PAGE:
April 2, 2016

Plutonium from Japan to be disposed of underground in New Mexico

http://www.japantimes.co.jp/news/2016/04/02/national/politics-diplomacy/plutonium-japan-disposed-underground-new-mexico/#.Vv7FpHpdeot

Kyodo

U.S.-bound plutonium that has recently been shipped out of Japan will be disposed of at a nuclear waste repository in New Mexico after being processed for “inertion” at the Savannah River Site atomic facility in South Carolina, according to an official of the National Nuclear Security Administration.

“The plutonium will be diluted into a less sensitive form at the SRS and then transported to the Waste Isolation Pilot Plant (WIPP) for permanent disposal deep underground,” said Ross Matzkin-Bridger in charge of the operation at the NNSA, a nuclear wing of the Department of Energy.

“The dilution process involves mixing the plutonium with inert materials that reduce the concentration of plutonium and make it practically impossible to ever purify again,” he told Kyodo News in a recent phone interview.

The official made the remarks ahead of the latest Nuclear Security Summit, sponsored by President Barack Obama, which began Thursday in Washington.

The fourth such meeting of world leaders is focused on how to secure weapons-usable nuclear materials all over the globe. The summit started after Obama’s 2009 speech in Prague, in which he called for “a world without nuclear weapons” and for which he was awarded a Nobel Peace Prize later that year.

At the previous summit in the Netherlands in March 2014, Prime Minister Shinzo Abe agreed to return plutonium and highly enriched uranium upon request from the Obama administration, which is seeking to strengthen control of nuclear materials.

The removal of 331 kilograms of plutonium and hundreds of kilograms of HEU from the Fast Critical Assembly, a research facility located in Tokaimura, Ibaragi Prefecture, was completed before the Nuclear Security Summit kicked off.

Japan received the plutonium and HEU fuels from the United States, Britain and France from the late 1960s to early 1970s for research purposes in the name of “Atoms for Peace.”

The nuclear fuel delivery, however, has generated controversy in South Carolina since it was reported that it was en route to the U.S. government-run SRS facility in the state.

South Carolina is “at risk of becoming a permanent dumping ground for nuclear materials,” Gov. Nikki Haley said in a recent letter to Energy Secretary Ernest Moniz, calling for the freight to be stopped or rerouted.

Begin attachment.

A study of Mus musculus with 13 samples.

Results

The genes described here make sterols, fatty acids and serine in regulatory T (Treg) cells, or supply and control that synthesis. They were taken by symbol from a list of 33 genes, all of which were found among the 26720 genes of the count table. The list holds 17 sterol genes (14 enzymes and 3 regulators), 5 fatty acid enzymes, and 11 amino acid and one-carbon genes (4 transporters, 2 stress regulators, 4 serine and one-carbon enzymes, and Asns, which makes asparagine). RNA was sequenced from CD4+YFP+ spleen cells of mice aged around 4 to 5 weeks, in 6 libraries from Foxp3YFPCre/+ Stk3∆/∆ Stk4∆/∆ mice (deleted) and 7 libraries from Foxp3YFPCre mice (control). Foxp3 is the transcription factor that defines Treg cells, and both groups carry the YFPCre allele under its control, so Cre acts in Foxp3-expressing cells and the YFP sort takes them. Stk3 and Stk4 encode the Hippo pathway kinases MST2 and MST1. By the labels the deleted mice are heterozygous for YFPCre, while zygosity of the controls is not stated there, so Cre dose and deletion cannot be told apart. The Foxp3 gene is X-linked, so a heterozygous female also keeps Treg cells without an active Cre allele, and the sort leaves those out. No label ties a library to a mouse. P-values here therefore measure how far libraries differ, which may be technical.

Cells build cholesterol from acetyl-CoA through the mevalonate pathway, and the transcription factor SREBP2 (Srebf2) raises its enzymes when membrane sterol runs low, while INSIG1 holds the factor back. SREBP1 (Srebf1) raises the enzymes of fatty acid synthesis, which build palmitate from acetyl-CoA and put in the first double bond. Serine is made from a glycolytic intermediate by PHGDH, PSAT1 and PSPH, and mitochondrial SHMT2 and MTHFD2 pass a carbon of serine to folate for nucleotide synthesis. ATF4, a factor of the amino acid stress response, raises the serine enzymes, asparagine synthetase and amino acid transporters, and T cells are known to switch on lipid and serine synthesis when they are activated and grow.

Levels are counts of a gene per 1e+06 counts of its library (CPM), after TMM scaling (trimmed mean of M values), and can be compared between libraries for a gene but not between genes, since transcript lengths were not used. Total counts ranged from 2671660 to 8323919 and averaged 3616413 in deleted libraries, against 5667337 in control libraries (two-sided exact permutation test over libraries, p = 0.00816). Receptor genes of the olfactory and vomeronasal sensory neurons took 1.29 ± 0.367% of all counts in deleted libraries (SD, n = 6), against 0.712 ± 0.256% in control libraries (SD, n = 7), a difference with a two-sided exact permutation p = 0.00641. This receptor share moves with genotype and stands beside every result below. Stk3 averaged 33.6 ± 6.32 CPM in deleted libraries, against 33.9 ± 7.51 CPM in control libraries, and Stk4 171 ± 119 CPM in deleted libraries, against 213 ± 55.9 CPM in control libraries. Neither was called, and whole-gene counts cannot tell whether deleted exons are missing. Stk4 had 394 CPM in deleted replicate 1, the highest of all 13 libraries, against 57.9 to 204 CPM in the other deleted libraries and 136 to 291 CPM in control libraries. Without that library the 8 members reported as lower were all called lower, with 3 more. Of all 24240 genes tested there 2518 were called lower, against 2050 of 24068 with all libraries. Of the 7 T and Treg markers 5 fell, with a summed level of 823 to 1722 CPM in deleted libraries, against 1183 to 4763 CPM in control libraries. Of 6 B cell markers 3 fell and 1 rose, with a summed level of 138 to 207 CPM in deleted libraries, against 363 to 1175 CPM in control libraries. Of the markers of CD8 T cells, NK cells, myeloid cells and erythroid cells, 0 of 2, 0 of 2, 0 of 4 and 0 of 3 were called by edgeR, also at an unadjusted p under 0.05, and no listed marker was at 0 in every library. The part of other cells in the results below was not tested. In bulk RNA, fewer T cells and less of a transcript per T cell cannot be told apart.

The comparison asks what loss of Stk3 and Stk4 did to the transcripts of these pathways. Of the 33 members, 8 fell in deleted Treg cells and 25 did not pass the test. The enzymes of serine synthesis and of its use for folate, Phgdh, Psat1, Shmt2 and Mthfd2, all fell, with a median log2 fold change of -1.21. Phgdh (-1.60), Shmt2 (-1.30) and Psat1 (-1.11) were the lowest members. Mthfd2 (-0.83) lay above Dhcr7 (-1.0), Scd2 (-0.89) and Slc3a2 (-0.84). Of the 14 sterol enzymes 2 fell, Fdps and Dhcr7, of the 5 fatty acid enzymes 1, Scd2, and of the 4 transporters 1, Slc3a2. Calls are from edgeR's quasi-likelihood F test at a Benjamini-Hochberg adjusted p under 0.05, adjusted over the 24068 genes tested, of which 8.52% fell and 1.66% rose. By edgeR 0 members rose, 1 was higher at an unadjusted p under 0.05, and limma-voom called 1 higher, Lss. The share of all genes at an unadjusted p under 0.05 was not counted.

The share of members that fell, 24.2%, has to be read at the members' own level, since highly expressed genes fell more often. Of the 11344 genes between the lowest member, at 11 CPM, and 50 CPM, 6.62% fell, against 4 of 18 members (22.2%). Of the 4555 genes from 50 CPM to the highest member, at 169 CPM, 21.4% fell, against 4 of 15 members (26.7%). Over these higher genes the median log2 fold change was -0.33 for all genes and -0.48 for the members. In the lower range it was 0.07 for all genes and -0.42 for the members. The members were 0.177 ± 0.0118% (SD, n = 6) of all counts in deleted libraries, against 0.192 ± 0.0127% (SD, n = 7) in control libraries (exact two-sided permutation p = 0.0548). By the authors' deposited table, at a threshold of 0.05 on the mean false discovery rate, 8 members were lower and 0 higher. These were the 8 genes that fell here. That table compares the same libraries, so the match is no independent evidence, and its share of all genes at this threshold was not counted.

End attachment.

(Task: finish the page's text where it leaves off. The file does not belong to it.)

The final disposal at the WIPP, as described by Matzkin-Bridger, may defuse these local concerns in South Carolina.

The WIPP is a repository — about 660 meters underground — for permanently storing nuclear waste created by the U.S. government’s nuclear weapons program.

“The Department of Energy has signed a Record of Decision to implement our preferred option to prepare 6 metric tons of surplus plutonium from the SRS for permanent disposal at the WIPP near Carlsbad, New Mexico,” Matzkin-Bridger explained. “This includes all foreign plutonium that we bring to the United States under our nonproliferation programs.”

The HEU from Japan’s FCA will be “down-blended” to low enriched uranium at the Y-12 National Security Complex in Oak Ridge, Tennessee, according to the official. In the future, LEU will be used for research purpose at research reactors both in the U.S. and Japan, possibly including the FCA.

“This project was accomplished on an accelerated timeline well ahead of schedule, thanks to the hard work and strong cooperation from both sides,” said a U.S.-Japan joint statement released Friday on the sidelines of the Nuclear Security Summit.

“It furthers our mutual goal of minimizing stocks of HEU and separated plutonium,” the document added, emphasizing the importance of the operation in strengthening nuclear security.

In the statement, the Japanese government made a new pledge to remove and transfer HEU fuels from the Kyoto University Critical Assembly (KUCA), another Japanese research institute, to the United States for down-blending and “permanent threat reduction.”

“If the KUCA’s HEU reactor is successfully converted to a LEU unit, it will have a significant meaning for other reactors in the U.S. and European nations, which are pursuing to convert reactors for LEU,” Hironobu Unesaki, a professor at Kyoto University, said. “The KUCA could provide academic outputs for future LEU conversion process worldwide.”

Officials and specialists in both nations have praised the bilateral cooperation, which aims to reduce the threat of nuclear terrorism through securing sensitive materials.

However, the materials recently transferred from Japan are only the tip of the iceberg. Currently, Japanese utilities possess over 47 metric tons of separated plutonium, which is equivalent to about 6,000 nuclear bombs.

At the last Nuclear Security Summit two years ago, Abe restated the nation’s international promise not to possess any plutonium that it has no use for. But the country’s stockpile of the nuclear material has since slightly increased.

A recent court injunction to suspend the operation of two plutonium-consuming reactors in Fukui Prefecture has made a solution for the plutonium problem more elusive.